Gold demand remains subdued despite easing Covid restrictions

Gold demand remains subdued despite easing Covid restrictions

KOLKATA: Gold buying in India remains subdued although lockdown restrictions have been eased in several states and the price of the yellow metal is down by more than 4 per cent. Bullion dealers said jewellers are not keen to restock despite discount offers as consumers continue to stay away from marketplaces on fears of contacting Covid-19.

The price of gold is down by 4.16 per cent from the beginning of June and is hovering around Rs 47,022 per 10 gm in the spot market.

Bullion dealers are offering a discount on gold of nearly $10-$12 per troy ounce, the highest in the last eight months, but jewellers are not keen to restock gold as the flow of customers is still a trickle.

“The fear of Covid has kept customers away from the precious metals. Unless, there are some special occasions such as marriage in the family, nobody is willing to come out and visit jewellery stores to purchase gold,” said Harshad Ajmera, a leading bullion dealer and owner of Kolkata-based JJ Gold House. “This has resulted in a discount on gold moving up.”

But Ajmera is hopeful that the drop in the number of new Covid-19 infections and the pickup in the vaccination drive will encourage people to step out of their homes and shop. “Gold prices have fallen and this is perhaps the right time to buy gold,” he said.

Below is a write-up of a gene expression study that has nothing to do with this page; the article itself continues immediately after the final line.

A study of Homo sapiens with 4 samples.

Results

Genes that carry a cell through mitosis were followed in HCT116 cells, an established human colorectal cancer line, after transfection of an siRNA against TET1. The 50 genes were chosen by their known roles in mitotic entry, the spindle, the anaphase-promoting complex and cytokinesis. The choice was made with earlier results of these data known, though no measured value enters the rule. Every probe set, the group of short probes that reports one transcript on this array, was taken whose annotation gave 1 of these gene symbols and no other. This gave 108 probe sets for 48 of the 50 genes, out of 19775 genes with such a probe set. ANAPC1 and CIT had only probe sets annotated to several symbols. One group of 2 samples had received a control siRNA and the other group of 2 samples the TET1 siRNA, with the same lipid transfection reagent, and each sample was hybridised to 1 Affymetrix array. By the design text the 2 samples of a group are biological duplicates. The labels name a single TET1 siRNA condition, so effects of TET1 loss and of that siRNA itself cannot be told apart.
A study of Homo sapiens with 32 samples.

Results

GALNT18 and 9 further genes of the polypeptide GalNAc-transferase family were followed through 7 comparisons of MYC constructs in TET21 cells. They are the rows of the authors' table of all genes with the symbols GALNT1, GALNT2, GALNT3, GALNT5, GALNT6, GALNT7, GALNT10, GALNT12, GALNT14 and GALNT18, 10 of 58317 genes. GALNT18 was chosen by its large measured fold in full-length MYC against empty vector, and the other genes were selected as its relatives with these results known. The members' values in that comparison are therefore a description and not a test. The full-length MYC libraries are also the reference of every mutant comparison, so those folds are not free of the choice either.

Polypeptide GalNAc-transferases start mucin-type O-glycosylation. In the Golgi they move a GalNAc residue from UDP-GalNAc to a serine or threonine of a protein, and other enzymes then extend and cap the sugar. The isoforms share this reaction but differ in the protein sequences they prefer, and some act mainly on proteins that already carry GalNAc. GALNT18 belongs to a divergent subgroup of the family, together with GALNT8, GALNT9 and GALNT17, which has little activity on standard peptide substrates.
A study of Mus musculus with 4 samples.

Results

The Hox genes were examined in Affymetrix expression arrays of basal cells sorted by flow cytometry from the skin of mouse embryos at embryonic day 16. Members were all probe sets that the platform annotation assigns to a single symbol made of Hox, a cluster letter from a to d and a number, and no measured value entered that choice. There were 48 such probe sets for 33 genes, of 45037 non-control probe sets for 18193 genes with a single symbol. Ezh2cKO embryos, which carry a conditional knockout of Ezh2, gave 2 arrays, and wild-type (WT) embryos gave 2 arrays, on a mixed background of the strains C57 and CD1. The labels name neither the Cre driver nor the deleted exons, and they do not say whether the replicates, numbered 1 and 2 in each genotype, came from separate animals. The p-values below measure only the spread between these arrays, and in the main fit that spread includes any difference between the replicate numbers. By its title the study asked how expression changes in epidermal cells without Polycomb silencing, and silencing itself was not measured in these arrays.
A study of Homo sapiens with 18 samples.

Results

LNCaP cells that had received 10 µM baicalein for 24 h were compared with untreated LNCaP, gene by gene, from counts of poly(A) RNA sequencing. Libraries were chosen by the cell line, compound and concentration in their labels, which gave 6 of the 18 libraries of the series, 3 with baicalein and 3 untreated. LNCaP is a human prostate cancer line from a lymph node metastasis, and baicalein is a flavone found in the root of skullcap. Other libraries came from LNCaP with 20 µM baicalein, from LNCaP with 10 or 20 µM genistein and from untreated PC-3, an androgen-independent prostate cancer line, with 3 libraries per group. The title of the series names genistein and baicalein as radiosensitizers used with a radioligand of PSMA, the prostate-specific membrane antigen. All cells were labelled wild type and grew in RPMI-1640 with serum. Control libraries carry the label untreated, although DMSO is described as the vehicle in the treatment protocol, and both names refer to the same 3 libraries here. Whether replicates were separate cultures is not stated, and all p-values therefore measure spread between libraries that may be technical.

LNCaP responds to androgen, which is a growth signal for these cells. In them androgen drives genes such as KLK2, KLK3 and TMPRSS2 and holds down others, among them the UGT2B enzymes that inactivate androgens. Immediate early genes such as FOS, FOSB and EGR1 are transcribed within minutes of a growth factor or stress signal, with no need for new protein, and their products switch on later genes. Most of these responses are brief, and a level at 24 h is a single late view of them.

In Kerala, the largest gold consuming state in the country, jewellers are yet to see a pickup in demand for gold. “Jewellers are not buying fresh gold. Their concern is to first clear the inventory that they have. Whatever little gold they require to create new stock is being met through old gold that they have bought from the market,” said a Kerala-based jeweller.

Hareesh V, research head (commodities) at Geojit Financial Services said demand for gold for making jewellery may increase but the investment demand may not go up immediately. “Gold prices have fallen after the US Federal Reserve hinted at a hawkish stance by 2023, which boosted buying in dollars. Gold’s appeal as a safe-haven has disappeared as economic activities have picked up in China and the European Union. Covid cases are also declining and there is no immediate trigger for gold prices to go up,” said Hareesh V. “Even, if prices go up, it will be marginal and not a sudden spike.”

On Monday, gold prices registered a marginal recovery of 0.62 per cent on MCX after reporting the worst weekly decline in 15 months. The yellow metal was supported by the fall in US treasury yields despite a firm dollar.